The company’s second round of investments is coming fromMonashees Gestao de Investimentos Ltda.,Redpoint eVentures LP andValor Capital Group LLC, where former U.S. ambassador to Brazil Clifford Sobel is a partner. Last year, Redpoint and Brazilian Canary invested $1 million in the Sao Paulo-based firm, which was founded in 2018.
“We are planning to attack the market’s monsters, companies with revenue as high as 20 billion reais ($3.56 billion),” founding partner Guilherme Berardo said in an interview. He promised prices as much as 30% lower than the competition, depending on the “cash-burn appetite of our investors.”
Like Oscar in the U.S., Sami will try to compete with major rivals such as UnitedHealth Group Inc., whose Amil unit in Brazil is one of the nation’s biggest health insurers by number of clients. Brazil’s private-sector health-insurance market is “very concentrated,” with eight companies responsible for 80% of the roughly 250 billion reais of annual revenue, according to estimates from Vitor Asseituno, a physician who’s Sami’s president and a founding partner.
“Our role model is Oscar,” Asseituno said. The U.S. health-tech firm is now a unicorn that’s attracted investments from companies including Alphabet Inc.
Sami is taking on Brazil’s health-insurance market at a particularly challenging time even for the market Goliaths. Unemployment is rising as the Covid-19 pandemic batters major companies, reducing demand for employee health insurance. The industry’s high inflation rate is another problem, with prices rising five times faster than consumer indexes. Many companies stop paying their premiums or switch to cheaper insurers as prices go up.
Interest rates at 2%, a record low, are another hurdle. Insurers used to depend on investment income from premiums that could be used to buy Treasury securities yielding as much as 15% just a few years ago.
Yet the Covid-19 pandemic may have had a silver lining for Sami in some respects. It helped the company surmount some of the regulatory and cultural challenges it could have faced had the outbreak never happened.
“Suddenly we overcame all that because of the coronavirus,” Asseituno said. Telemedicine, a technology Sami helps companies offer their employees, is now permitted in Brazil, and has even become many customers’ first choice.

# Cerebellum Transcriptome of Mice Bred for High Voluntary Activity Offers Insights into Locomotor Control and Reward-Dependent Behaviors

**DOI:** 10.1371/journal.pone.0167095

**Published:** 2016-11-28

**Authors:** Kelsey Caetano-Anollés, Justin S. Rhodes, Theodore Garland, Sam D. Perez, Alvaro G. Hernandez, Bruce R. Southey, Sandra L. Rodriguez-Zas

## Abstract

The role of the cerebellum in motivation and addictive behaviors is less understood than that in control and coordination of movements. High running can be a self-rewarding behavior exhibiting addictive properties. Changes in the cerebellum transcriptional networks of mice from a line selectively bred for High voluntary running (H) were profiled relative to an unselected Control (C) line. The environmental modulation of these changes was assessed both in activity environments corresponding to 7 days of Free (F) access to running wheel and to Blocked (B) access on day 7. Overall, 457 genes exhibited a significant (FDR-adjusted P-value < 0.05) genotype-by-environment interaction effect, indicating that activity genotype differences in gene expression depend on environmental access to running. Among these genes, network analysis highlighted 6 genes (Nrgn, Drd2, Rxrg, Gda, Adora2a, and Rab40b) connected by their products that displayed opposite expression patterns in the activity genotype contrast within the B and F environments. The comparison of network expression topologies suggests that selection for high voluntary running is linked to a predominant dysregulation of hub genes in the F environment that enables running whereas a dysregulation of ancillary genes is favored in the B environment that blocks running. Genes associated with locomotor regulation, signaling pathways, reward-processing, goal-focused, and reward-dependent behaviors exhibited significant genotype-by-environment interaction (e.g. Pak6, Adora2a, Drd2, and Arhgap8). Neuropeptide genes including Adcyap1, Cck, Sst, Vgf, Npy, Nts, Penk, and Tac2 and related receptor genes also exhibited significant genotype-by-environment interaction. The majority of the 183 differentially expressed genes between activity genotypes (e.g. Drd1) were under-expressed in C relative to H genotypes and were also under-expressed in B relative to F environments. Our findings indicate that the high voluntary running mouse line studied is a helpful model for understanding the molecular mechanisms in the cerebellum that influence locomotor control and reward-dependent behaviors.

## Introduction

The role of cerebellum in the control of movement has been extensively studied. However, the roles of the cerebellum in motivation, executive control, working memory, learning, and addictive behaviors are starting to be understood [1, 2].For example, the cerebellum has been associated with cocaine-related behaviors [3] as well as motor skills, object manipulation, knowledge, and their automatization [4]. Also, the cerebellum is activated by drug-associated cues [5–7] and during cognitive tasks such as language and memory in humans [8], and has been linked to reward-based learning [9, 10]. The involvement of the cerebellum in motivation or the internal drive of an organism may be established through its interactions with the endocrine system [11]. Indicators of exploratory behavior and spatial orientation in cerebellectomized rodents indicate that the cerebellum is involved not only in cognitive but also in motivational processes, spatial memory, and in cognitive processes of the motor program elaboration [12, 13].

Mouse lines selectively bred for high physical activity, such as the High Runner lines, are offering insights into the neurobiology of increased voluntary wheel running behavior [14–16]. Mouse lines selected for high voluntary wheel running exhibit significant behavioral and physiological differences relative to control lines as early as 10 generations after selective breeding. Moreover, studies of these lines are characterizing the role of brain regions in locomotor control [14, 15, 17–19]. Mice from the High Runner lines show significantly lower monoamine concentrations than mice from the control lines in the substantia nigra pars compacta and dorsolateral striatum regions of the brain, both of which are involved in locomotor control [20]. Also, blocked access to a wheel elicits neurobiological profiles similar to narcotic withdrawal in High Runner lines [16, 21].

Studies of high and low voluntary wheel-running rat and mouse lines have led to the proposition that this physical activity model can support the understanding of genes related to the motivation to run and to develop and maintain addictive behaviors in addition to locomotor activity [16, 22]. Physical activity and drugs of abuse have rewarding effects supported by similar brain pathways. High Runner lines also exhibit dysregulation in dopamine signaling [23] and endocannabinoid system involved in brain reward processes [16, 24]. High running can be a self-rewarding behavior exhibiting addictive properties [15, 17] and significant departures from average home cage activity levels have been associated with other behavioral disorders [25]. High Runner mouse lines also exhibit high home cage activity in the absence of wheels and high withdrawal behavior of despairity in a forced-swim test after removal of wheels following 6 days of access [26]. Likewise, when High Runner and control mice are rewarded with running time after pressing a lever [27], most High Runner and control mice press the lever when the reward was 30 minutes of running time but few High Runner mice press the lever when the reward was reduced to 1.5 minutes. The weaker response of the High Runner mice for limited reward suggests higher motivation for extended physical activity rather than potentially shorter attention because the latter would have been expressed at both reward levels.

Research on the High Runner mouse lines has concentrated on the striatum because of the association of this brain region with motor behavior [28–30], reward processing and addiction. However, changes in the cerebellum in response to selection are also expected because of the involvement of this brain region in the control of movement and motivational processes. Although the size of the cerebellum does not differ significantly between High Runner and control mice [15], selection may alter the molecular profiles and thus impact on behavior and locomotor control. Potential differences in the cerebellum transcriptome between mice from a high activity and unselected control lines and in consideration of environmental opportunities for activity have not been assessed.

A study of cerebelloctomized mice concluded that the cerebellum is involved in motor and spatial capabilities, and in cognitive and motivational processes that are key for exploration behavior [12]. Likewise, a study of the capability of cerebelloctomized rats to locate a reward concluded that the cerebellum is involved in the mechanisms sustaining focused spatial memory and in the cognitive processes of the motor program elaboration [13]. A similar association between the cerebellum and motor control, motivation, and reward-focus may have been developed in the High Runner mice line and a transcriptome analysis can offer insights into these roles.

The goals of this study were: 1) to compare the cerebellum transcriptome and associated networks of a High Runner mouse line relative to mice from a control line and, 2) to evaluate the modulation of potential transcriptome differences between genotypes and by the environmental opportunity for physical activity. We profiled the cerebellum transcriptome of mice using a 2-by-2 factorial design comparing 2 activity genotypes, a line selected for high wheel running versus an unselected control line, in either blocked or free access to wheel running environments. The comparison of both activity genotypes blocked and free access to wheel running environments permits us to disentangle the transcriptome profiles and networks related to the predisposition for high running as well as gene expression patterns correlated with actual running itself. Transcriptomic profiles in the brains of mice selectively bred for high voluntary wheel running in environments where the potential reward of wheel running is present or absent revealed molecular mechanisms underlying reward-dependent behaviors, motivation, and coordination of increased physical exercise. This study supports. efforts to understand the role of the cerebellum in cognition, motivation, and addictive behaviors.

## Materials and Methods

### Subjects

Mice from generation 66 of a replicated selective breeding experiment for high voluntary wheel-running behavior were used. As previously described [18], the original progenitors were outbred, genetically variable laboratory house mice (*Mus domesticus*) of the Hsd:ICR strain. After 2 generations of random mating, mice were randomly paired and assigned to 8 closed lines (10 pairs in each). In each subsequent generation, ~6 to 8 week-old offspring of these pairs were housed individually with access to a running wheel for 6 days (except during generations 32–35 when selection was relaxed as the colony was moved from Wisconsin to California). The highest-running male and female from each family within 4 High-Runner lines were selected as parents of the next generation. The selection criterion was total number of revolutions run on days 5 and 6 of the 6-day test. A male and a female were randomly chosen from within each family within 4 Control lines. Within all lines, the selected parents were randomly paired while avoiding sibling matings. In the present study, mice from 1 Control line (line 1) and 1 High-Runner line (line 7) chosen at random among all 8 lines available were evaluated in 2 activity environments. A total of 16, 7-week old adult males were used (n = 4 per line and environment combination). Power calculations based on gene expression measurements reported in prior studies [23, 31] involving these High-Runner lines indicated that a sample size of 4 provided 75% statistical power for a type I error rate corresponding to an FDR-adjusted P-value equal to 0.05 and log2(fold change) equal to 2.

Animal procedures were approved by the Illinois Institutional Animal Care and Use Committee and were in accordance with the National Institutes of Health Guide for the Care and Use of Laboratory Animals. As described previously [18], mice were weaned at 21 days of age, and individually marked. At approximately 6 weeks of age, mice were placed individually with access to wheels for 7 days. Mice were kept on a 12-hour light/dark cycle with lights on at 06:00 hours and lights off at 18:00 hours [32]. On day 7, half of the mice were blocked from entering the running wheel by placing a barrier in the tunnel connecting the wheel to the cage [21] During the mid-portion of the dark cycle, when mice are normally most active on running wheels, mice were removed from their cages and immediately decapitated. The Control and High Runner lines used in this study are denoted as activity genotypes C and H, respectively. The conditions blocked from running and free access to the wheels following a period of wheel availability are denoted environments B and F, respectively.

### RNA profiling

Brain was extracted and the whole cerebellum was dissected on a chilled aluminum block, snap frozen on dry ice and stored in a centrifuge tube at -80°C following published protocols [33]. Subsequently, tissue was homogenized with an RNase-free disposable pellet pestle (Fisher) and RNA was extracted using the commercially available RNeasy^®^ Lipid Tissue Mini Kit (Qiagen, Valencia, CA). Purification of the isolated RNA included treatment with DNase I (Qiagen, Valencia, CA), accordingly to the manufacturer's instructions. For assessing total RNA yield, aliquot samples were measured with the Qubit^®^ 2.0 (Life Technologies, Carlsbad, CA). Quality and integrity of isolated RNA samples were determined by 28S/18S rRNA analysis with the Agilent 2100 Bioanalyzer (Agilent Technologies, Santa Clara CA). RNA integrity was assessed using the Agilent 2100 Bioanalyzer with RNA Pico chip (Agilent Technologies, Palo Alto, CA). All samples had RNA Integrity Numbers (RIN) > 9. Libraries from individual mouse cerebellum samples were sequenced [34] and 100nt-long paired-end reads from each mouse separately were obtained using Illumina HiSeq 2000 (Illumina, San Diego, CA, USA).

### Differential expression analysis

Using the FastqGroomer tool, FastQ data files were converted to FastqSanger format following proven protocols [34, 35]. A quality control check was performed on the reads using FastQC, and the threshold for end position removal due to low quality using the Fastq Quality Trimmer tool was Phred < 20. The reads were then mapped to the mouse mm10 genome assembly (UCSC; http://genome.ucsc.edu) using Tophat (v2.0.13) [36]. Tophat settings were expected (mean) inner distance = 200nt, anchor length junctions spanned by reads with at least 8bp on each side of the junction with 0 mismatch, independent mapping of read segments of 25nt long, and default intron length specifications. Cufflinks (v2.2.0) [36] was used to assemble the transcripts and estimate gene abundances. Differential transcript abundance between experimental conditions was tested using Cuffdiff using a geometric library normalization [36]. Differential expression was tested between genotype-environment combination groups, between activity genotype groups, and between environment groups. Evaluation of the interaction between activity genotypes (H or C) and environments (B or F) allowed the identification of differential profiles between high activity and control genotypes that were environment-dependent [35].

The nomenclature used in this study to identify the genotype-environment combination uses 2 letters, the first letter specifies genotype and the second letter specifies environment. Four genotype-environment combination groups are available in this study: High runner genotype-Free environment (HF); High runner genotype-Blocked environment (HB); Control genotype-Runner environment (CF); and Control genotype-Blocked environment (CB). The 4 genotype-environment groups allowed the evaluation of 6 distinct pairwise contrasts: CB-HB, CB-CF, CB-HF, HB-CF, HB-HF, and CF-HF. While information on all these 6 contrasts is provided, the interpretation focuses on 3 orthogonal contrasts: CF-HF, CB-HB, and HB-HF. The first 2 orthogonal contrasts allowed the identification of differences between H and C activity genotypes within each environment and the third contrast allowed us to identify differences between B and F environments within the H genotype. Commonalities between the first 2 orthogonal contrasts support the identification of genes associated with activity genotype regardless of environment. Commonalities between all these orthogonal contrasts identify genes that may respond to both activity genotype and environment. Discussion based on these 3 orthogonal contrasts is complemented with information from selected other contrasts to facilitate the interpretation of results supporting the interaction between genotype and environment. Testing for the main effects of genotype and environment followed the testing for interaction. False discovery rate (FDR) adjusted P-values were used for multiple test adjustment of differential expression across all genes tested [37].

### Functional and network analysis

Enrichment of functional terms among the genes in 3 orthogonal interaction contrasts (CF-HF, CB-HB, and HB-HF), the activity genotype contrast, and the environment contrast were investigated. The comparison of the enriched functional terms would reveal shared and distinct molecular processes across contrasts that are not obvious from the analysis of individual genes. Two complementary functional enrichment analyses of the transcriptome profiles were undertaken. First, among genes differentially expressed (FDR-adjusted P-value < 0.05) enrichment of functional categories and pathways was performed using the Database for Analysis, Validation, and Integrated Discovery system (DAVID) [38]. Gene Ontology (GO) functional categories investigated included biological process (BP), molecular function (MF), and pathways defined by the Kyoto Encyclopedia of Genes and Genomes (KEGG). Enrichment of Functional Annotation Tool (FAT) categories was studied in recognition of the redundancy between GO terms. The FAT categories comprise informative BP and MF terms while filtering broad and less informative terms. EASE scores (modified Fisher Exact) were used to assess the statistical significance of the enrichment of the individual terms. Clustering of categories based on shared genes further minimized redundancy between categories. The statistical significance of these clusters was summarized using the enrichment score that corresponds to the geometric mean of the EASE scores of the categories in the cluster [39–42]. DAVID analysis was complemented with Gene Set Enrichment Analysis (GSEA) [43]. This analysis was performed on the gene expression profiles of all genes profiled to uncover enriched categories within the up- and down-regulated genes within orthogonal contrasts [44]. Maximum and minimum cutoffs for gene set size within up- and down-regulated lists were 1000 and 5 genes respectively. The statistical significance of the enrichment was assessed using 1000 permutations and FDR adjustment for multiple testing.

Until now, Sami has just been providing analytics and telemedicine to other companies, including competitors. Now, having met minimum capital requirements, the firm in November will become a full health-insurance company, focusing first on small and midsize firms.
Alan Warren, Oscar’s former chief technology officer, is a partner at Sami, as are Sergio Ricardo, Amil’s former chief executive officer, and Paulo Veras, founder of Brazil’s Uber-like 99 Taxis Desenvolvimento de Software Ltda.
Sami’s strategy is to take on Brazil’s traditional fee-for-service model, which critics contend creates incentives for extra procedures and exams. Instead, the insurer will set a pre-arranged reimbursement level for its hospitals, labs and physicians, Asseituno said.
“We can save a lot of money by avoiding unnecessary procedures and visits to the emergency room,” he said.
Sami also aims to adjust premiums based on the inflation rate, while industry prices now tend to jump four to five times faster than that every year. Technology and data analytics bring transparency that helps keep costs under control, Berardo said.
Asseituno studied medicine in college and, as an intern, worked at Rock Health Inc. in California, a venture-capital fund focused on digital-health startups. He got to know the top industry executives at events organized by his trade-show company, Live Healthcare, which he sold in 2018.
Berardo, who studied business at the University of San Diego and worked at the wealth and asset-management division at Merrill Lynch, co-founded a hospital chain in Brazil called Premium Care, which now has eight hospitals.
He was less successful with his second startup, Dr. Agora, which employed the philosophy of holistic care, rather than just responding to a set of specific diseases.
Berardo met Asseituno in 2017, when he was trying to arrange a merger to save Dr. Agora. The deal didn’t happen and the company went broke. But Asseituno called Berardo just a few months later and, noshing at a bakery and snack bar in Sao Paulo, they created Sami.